Fair and Reasonable Update: Court, Day 1By Nicole McKee, COLFO
- 5th May, 2020 May 5, 2020, 12:25 PM
The Judge certainly made our QC earn his fee! The whole day was full of detailed legal questions and clarifications from the Judge as Jack Hodder QC presented our case. It wasn’t until 4:30pm that we finished our case and the Crown began its defence.
The Court spent most of the day discussing the issue of compensation and whether Stuart Nash had the ability to provide compensation for banned ammunition.
Our argument is largely that there is a common law right to compensation when you are deprived of your property rights - an important issue that goes well beyond the question of compensation for ammunition.
There was a detailed discussion on the case law for the principle - our case is that it does not matter that possession was criminalised (rather than in most of the cases, which are about Government confiscating property), compensation must still be made. If you are interested you can read our written submissions here.
“Our argument is largely that there is a common law right to compensation when you a deprived of your property rights - an important issue that goes well beyond the question of compensation for ammunition.”
The Judge was also looking at the intent of Parliament closely - what did Parliament intend to ban, how much decision-making power did MPs intended to give to the Minister, and whether Parliament considered the issue of compensation.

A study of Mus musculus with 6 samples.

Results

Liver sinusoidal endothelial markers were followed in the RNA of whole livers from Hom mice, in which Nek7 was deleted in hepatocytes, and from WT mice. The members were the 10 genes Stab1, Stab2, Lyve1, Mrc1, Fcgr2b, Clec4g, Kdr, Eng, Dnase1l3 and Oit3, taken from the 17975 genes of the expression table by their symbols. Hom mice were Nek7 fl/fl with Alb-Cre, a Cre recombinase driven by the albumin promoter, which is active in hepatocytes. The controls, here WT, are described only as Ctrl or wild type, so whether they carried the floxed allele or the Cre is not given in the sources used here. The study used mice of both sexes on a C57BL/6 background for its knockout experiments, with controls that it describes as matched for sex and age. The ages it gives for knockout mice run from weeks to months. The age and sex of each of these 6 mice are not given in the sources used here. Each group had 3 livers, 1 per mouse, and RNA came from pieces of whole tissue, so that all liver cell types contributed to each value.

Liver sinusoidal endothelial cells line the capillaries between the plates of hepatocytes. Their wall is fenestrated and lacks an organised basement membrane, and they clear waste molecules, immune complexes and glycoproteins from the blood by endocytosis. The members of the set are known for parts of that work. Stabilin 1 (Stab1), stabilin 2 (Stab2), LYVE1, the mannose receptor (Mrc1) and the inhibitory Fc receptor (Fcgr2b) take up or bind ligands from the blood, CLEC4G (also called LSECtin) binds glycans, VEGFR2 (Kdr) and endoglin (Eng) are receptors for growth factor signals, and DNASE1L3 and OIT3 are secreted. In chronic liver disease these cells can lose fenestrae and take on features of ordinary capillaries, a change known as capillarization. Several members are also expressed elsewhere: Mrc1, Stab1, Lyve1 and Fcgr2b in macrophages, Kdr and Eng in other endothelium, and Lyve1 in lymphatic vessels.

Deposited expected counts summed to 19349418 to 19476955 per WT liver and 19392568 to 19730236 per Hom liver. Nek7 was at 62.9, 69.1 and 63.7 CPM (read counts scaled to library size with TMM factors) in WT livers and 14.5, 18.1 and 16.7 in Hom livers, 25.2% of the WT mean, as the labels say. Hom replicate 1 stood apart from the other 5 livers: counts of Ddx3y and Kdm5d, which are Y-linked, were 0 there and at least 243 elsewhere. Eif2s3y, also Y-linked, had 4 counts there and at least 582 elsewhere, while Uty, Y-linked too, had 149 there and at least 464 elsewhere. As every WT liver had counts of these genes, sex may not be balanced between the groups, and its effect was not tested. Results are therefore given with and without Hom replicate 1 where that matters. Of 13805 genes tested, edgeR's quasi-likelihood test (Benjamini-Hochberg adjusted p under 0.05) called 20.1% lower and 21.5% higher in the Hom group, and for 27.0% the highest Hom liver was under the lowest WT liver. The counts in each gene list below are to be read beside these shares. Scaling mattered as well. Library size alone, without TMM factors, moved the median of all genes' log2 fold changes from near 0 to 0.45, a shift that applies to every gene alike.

As Parliament is the ultimate decision-maker, what MPs were looking at when they gave the Police Minister the ability to prohibit certain types of ammunition is key.
This afternoon the Court looked at the detail of the types of ammunition that were banned - focusing on enhanced penetration and tracer. There is a lot of detail, including evidence from our expert witnesses, in our submissions. What is clear is that the Police Minister did not seek to make a decision that would make us any safer.
Once the Crown’s lawyers have finished presenting their oral arguments, our lawyers get a right of reply.
I’ll update you again tonight.
Thank you again for making this effort possible.